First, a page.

A Sad Death and Brave Life Page 01
A Sad Death and Brave Life
Originally appeared in the American Youth's Companion, in August 1886. This was the first of two stories collectively entitled 'The Victims of Circumstances: Discovered in Records of Old Trials' which dealt with serious miscarriages of justice. It was reprinted in The Boy's Own Paper in October 1886.
AT THAT MEMORABLE period in the early history of the United States when American citizens resented the tyranny of George the Third and his Parliament by destroying a cargo of taxed tea, a Bristol trader arrived in the harbour of Boston, having one passenger on board. This person was a young English woman, named Esther Calvert, daughter of a shopkeeper at Cheltenham, and niece of the captain of the ship.
Some years before her departure from England, Esther had suffered an affliction -- associated with a deplorable public event -- which had shaken her attachment to her native land. Free, at a later period, to choose for herself, she resolved on leaving England, as soon as employment could be found for her in another country. After a weary interval of expectation, the sea-captain had obtained a situation for his niece, as housekeeper in the family of Mrs Anderkin -- a widow lady living in Boston.
Esther had been well practised in domestic duties during the long illness of her mother. Intelligent, modest and sweet-tempered, she soon became a favourite with Mrs Anderkin and the members of her young family. The children found but one fault with the new housekeeper; she dressed invariably in dismal black; and it was impossible to prevail upon her to give the cause. It was known that she was an orphan, and she acknowledged that no relation of hers had recently died -- and yet she persisted in wearing mourning. Some great grief had evidently overshadowed the life of the gentle English housekeeper.
In her intervals of leisure, she soon became the chosen friend of Mrs Anderkin's children; always ready to teach them new games, clever at dressing the girls' dolls and at mending the boys' toys, Esther was in one respect only not in sympathy with her young friends -- she never laughed. One day, they boldly put the question to her: 'When we are all laughing, why don't you laugh too?'
Esther took the right way to silence children whose earliest lessons had taught them the golden rule: Do unto others as you would they should do unto you. She only replied in these words:
'I shall think it kind of you if you won't ask me that question again.'
The young people deserved her confidence in them: they never mentioned the subject from that time forth.
But there was another member of the family, whose desire to know something of the housekeeper's history was, from motives of delicacy, concealed from Esther herself. This was the governess -- Mrs Anderkin's well-loved friend, as well as the teacher of her children.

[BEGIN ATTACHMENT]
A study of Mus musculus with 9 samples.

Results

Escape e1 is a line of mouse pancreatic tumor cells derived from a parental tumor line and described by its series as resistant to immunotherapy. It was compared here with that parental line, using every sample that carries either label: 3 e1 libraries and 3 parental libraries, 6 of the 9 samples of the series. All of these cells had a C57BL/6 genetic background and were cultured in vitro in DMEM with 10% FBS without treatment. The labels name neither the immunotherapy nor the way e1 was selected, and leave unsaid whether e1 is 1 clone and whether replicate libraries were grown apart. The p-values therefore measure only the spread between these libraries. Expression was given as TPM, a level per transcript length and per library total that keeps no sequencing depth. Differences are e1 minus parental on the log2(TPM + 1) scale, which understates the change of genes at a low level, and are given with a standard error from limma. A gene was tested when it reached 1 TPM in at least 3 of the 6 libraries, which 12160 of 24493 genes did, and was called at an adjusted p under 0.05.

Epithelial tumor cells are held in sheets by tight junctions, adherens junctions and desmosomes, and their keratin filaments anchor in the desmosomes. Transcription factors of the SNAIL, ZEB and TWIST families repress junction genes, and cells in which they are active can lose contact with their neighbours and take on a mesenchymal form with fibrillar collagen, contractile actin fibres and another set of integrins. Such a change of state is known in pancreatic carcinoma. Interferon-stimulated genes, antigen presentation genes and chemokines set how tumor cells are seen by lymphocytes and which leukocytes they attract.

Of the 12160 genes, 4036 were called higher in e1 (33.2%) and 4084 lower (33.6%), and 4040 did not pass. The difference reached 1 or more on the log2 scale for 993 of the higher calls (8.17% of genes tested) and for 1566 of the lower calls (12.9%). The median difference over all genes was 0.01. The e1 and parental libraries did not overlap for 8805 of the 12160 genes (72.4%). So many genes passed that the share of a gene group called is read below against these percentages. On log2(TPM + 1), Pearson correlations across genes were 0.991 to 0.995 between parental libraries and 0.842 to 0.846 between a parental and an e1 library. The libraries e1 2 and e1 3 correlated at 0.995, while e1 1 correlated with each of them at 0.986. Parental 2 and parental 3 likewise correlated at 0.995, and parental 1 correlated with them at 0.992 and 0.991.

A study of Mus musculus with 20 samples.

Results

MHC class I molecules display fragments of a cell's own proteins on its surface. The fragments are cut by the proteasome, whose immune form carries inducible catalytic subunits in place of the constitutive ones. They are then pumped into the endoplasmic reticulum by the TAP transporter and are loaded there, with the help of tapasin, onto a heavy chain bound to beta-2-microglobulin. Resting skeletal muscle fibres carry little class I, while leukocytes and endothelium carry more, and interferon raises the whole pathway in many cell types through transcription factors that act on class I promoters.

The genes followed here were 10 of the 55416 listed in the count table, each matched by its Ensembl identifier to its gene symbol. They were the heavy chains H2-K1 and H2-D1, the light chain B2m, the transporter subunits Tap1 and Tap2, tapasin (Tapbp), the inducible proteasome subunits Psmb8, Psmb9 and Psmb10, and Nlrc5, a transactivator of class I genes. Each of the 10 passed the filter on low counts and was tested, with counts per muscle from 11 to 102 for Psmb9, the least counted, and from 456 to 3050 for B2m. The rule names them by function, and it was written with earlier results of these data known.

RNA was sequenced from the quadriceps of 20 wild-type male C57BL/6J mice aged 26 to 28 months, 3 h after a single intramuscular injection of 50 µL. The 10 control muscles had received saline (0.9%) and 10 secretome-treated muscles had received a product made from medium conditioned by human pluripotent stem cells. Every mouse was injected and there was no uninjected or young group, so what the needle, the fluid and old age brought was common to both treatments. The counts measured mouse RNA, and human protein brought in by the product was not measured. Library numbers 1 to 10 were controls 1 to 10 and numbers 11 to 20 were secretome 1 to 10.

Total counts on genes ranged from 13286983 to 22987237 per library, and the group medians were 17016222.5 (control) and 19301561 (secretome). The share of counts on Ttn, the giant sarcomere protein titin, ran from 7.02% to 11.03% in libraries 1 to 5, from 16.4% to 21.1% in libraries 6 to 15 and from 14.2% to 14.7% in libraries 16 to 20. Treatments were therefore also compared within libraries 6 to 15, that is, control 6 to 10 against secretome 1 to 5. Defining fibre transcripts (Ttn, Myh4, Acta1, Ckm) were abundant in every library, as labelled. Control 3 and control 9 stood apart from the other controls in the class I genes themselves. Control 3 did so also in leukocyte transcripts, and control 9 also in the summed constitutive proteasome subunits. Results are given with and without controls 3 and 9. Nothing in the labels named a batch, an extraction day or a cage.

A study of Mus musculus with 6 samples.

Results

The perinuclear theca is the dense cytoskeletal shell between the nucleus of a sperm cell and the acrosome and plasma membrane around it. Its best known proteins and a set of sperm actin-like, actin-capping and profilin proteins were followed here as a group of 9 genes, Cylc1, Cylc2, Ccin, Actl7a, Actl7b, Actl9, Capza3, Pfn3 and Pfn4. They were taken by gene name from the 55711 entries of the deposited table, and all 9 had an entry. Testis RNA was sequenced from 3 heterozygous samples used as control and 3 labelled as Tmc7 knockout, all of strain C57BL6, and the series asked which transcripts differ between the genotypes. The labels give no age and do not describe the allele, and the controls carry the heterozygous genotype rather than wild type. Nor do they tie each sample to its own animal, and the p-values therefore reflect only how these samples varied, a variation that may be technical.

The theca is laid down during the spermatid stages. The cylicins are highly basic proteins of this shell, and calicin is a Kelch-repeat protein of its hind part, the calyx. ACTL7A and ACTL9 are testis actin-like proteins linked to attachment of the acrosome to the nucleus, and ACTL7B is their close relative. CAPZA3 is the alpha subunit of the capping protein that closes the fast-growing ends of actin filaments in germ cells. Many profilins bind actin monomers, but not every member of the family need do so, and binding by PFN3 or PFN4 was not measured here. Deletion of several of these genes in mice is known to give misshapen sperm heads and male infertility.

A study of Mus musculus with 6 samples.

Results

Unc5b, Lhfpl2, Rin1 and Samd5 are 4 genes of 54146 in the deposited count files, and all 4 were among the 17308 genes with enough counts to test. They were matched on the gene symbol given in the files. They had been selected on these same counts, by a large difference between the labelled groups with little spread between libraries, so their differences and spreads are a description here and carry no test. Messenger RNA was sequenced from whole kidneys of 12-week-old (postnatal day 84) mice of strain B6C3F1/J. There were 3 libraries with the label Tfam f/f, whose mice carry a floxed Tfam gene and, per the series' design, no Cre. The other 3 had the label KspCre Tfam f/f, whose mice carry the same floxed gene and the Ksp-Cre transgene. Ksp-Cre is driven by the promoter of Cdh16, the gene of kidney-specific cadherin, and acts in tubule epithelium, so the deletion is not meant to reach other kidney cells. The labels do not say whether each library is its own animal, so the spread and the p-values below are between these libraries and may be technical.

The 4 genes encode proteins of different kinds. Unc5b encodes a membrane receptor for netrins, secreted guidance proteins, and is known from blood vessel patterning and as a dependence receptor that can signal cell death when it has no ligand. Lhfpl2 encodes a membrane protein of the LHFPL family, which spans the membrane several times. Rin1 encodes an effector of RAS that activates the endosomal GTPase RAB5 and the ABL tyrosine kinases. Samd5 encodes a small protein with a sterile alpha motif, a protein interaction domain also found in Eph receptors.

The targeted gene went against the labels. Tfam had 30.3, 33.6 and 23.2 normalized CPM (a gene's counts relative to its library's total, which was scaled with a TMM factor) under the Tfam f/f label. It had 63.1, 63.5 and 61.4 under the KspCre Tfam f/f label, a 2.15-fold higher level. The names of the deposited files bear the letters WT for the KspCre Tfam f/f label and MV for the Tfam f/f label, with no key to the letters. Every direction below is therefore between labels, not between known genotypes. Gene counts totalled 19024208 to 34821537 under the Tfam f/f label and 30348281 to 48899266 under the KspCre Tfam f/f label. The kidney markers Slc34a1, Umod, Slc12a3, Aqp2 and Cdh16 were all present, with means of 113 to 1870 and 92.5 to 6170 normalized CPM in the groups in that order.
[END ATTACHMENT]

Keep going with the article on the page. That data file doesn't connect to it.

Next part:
On the day before he sailed on his homeward voyage, the sea-captain called to take leave of his niece -- and then asked if he could also pay his respects to Mrs Anderkin. He was informed that the lady of the house had gone out, but that the governess would be happy to receive him. At the interview which followed they talked of Esther, and agreed so well in their good opinion of her, that the captain paid a long visit. The governess had persuaded him to tell the story of his niece's wasted life.
But he insisted on one condition.
'If we had been in England,' he said, 'I should have kept the matter secret, for the sake of the family. Here, in America, Esther is a stranger -- here she will stay -- and no slur will be cast on the family name at home. But mind one thing! I trust to your honour to take no one into your confidence -- excepting only the mistress of the house.'
More than one hundred years have passed since those words were spoken.
Esther's sad story may be harmlessly told now. In the year 1762, a young man named John Jennings, employed as a waiter at a Yorkshire inn, astonished his master by announcing that he was engaged to be married, and that he proposed retiring from service on next quarter-day.
Further inquiry showed that the young woman's name was Esther Calvert, and that Jennings was greatly inferior in social rank. Her father's consent to the marriage depended on her lover's success in rising in the world. Friends with money were inclined to trust Jennings, and to help him to start a business of his own, if Miss Calvert's father would do something for the young people on his side. He made no objection, and the marriage engagement was sanctioned accordingly.
One evening, when the last days of Jennings' service were drawing to an end, a gentleman on horseback stopped at the inn. In a state of great agitation, he informed the landlady that he was on his way to Hull, but that he had been so frightened as to make it impossible for him to continue his journey. A highwayman had robbed him of a purse containing twenty guineas.